Picks and Pans Main: Bytes
07/15/1996 at 01:00 AM EDT
A HACK AND A HACKER
Jonathan Barnes's Ultimate Taxi sports a topflight sound system, a disco ball, laser beams and a fog machine. And just when passengers think they've seen it all, their Pink Floyd-crooning driver reaches over to the front passenger seat of his "nightclub on wheels" and reveals the quintessential '90s accessory: a laptop attached to digital camera and cellular modem. A few clicks later, his fares are staring at their digitized faces on the screen. The next day they can view their mugs on Barnes's Web site: http://www.ultimatetaxi.com.
"I built the car to take me on an adventure," says the 38-year-old Aspen, Colo., hack, who has logged more than 350,000 miles in the '78 Checker since he bought it in 1985. Early amenities included a telescope (to show fares "the moons of Jupiter") and a small television. These days the multi-tasking Barnes steers with his left hand and works his synthesizer, saxophone and computer keyboard with his right, as Web surfers bombard him with e-mail comments and jokes to share with passengers. Among the celebrity visitors who have forked over a premium $20 per person for 20 minutes of mobile sensory overload are Pierce Brosnan, Jerry Seinfeld and Lee Iacocca.
"I drive very slowly, because safety is my main concern," says Barnes, who claims he's never had an accident and maintains that he always pulls over to the side of the road to answer e-mail. Still, he quips, multimedia cabbies "need to be on a first-name basis with all the police in town. And have an insurance company that has never exactly ridden in your car."
Once upon a time you could hardly tell the good guys from the bad guys on computer games. But then came 3-D graphics, stereo sound and full-motion video, putting recognizable actors like David Duchovny, Martin Landau and Jeff Goldblum just a mouse click away.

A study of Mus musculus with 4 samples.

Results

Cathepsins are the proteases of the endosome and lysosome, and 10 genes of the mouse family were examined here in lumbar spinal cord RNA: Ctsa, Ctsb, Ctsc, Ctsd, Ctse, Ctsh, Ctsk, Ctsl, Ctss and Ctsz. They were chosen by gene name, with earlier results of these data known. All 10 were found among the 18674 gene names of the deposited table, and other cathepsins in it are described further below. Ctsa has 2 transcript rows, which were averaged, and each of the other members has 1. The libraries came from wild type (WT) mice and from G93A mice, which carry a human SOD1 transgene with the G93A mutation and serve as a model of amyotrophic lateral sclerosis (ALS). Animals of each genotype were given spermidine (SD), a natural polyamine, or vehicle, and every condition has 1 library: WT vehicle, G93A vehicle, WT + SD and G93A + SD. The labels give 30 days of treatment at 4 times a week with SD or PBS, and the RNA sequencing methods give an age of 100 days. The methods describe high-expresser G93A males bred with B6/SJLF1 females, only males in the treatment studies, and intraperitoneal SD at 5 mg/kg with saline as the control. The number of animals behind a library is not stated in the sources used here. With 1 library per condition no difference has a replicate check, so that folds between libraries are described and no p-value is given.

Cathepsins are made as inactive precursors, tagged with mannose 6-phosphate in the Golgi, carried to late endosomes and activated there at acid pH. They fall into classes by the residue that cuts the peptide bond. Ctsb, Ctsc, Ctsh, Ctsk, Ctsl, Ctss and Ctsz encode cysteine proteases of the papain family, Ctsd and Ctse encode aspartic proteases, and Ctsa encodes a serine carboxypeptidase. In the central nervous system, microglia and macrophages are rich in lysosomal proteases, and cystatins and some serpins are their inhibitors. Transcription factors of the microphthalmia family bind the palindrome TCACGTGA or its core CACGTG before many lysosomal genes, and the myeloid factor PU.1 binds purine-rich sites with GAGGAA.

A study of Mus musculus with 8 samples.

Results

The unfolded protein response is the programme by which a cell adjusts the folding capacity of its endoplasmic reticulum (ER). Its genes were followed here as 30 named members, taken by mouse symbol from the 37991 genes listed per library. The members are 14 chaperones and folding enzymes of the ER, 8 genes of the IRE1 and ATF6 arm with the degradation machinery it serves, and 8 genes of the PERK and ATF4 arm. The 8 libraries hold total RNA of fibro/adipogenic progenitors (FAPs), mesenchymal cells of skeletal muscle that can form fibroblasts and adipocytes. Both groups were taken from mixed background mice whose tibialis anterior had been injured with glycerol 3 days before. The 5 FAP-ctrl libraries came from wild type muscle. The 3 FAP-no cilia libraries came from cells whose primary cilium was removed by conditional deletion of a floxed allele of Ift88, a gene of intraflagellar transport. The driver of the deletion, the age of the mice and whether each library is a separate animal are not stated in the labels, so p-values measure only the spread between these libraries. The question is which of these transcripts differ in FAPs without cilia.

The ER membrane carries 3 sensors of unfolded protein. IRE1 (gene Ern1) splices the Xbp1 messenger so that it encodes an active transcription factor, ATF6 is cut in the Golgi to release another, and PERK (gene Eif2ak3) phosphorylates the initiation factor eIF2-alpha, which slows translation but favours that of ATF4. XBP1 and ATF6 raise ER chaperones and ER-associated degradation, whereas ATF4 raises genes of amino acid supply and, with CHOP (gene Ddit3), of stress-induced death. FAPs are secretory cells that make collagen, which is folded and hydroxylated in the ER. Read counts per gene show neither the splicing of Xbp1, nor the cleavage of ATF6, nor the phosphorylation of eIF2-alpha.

In addition to drawing in customers, the familiar faces reduce keyboard anxiety among the technology-challenged. That's one reason why the CD-ROM version of Fox's X-Files will feature Duchovny and costar Gillian Anderson. "We want to immerse the players in a world they are very familiar with," says Jon Richmond, president of Fox Interactive.
Some projects featuring celebrities are aimed at kids. Martin Landau plays Geppetto in Pinocchio for IBM, due next month. Goldblum headlines the kiddy-chiller Goosebumps (DreamWorks), expected in September. Stars like Christopher Walken, who plays a detective on the trail of Ripper (Take2Interactive), earn big bucks for little work—in Walken's case, $150,000 for two days. "A CD-ROM ... is no different than doing a voice-over," says Mike Fenton, a casting agent for Wing Commander IV (Origin) which features Mark Hamill.
But interactivity offers stars a benefit beyond easy money. "You're asking the audience to be part of the cast, a cowriter, a codirector even," says Hamill. "For me, it's been like discovering a whole new fruit down in the South Seas, and it's delicious."